The built-in file function creates a file object. The resulting object has a number of operations that change the state of the file, read or write data, or return information about the file. In the following descriptions, f is a file object, created by the file.

Read Methods. The following methods read from a file. As data is read, the file position is advanced from the beginning to the end of the file. The file must be opened with a mode that includes or implies 'r' for these methods to work.

f. read ( [size] ) → string

Read as many as size characters from file f . If size is negative or omitted, the rest of the file is read.

f. readline ( [size] ) → string

Read the next line or as many as size characters from file f ; an incomplete line can be read. If size is negative or omitted, the next complete line is read. If a complete line is read, it includes the trailing newline character, \n. If the file is at the end, f. readline returns a zero length string. If the file has a blank line, this will be a string of length 1 (the newline character).

f. readlines ( [hint] ) → list of strings

Read the next lines or as many lines from the next hint characters from file f . The value of hint may be rounded up to match an internal buffer size. If hint is negative or omitted, the rest of the file is read. All lines will include the trailing newline character, \n. If the file is at the end, f. readline2 returns a zero length list.

Write Methods. The following methods writing to a file. As data is written, the file position is advanced, possibly growing the file. If the file is opened for write, the position begins at the beginning of the file. If the file is opened for append, the position begins at the end of the file. If the file does not already exist, both writing and appending are equivalent. The file must be opened with a mode that include 'a' or 'w' for these methods to work.

f. flush

Flush all accumulated data from the internal buffers of file f to the OS file. Depending on your OS, this may also force all the data to be written to the device.

f. write ( string )

Write the given string to file f . Buffering may mean that the string does not appear on any console until a close or flush operation is used.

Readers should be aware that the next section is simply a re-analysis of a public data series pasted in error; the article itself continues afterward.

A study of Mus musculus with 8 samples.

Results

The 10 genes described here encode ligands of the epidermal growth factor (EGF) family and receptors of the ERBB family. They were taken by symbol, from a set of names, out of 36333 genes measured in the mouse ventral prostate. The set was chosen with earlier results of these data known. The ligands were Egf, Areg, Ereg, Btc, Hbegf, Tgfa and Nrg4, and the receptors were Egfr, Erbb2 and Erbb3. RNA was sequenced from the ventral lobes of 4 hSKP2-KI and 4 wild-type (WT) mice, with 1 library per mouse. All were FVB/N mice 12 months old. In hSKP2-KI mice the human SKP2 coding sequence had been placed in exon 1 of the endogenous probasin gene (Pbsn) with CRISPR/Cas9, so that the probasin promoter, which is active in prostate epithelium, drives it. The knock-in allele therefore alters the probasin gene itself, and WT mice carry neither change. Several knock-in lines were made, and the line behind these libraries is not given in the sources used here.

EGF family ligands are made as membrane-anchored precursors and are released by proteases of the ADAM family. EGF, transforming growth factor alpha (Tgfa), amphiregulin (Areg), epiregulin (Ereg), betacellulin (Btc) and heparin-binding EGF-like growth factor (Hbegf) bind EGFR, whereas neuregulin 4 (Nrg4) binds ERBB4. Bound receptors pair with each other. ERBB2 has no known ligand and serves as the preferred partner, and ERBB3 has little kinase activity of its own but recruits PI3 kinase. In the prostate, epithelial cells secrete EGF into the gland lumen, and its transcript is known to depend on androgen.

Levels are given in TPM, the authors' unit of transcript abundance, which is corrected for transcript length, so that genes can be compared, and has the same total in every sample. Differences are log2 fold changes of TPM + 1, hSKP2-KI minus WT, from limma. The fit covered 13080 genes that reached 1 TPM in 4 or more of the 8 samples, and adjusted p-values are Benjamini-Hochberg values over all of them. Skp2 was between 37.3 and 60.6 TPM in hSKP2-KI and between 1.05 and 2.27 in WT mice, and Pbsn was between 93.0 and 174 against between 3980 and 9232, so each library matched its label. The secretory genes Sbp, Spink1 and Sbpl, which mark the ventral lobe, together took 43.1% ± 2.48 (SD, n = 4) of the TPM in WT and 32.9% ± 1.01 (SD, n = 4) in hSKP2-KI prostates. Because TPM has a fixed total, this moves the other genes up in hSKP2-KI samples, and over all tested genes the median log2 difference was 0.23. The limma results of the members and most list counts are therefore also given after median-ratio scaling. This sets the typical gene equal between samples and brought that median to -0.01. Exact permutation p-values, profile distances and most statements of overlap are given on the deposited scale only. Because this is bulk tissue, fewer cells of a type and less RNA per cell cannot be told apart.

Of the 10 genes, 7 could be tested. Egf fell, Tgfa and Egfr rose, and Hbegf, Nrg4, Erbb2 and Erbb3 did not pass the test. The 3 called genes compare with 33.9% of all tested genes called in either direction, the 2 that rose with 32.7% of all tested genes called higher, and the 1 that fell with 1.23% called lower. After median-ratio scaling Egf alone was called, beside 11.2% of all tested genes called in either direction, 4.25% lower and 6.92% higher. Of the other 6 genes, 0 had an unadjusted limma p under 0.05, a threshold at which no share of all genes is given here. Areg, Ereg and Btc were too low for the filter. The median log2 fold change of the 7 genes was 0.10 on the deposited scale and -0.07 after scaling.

f. writelines ( list )

Write the list of strings to file f . Buffering may mean that the strings do not appear on any console until a close or flush operation is used.

f. truncate [size]

Truncate file f . If size is not given, the file is truncated at the current position. If size is given, the file will be truncated at size . If the file isn't as large as the given size , the results vary by operating system. This function is not available on all platforms.

Position Control Methods. The current position of a file can be examined and changed. Ordinary reads and writes will alter the position. These methods will report the position, and allow you to change the position that will be used for the next operation.

f. seek ( offset , [ whence ] )

Change the position from which file f will be processed. There are three values for whence which determine the direction of the move. If whence is zero (the default), move to the absolute position given by offset . f.seek(0) will rewind file f. If whence is one, move relative to the current position by offset bytes. If offset is negative, move backwards; otherwise move forward. If whence is two, move relative to the end of file. f.seek(0,2) will advance file f to the end, making it possible to append to the file.

f. tell → integer

Return the position from which file f will be processed. This is a partner to the seek method; any position returned by the tell method can be used as an argument to the seek method to restore the file to that position.

Other Methods. These are additional useful methods of a file object.

f. close

Close file f . The closed flag is set. Any further operations (except a redundant close) raise an IOError exception.

f. fileno → integer

Return the internal file descriptor (FD) used by the OS library when working with file f . A number of Python modules provide functions that use the OS libraries; the OS libraries need the FD.

f. isatty → boolean

Return True if file f is connected to the console or keyboard.

f. closed

This attribute is True if file f is closed.

f. mode

This attribute of file f is the mode argument to the file function that was used to create the file object.

f. name

This attribute of file f is the filename argument to the file function that was used to create the file object.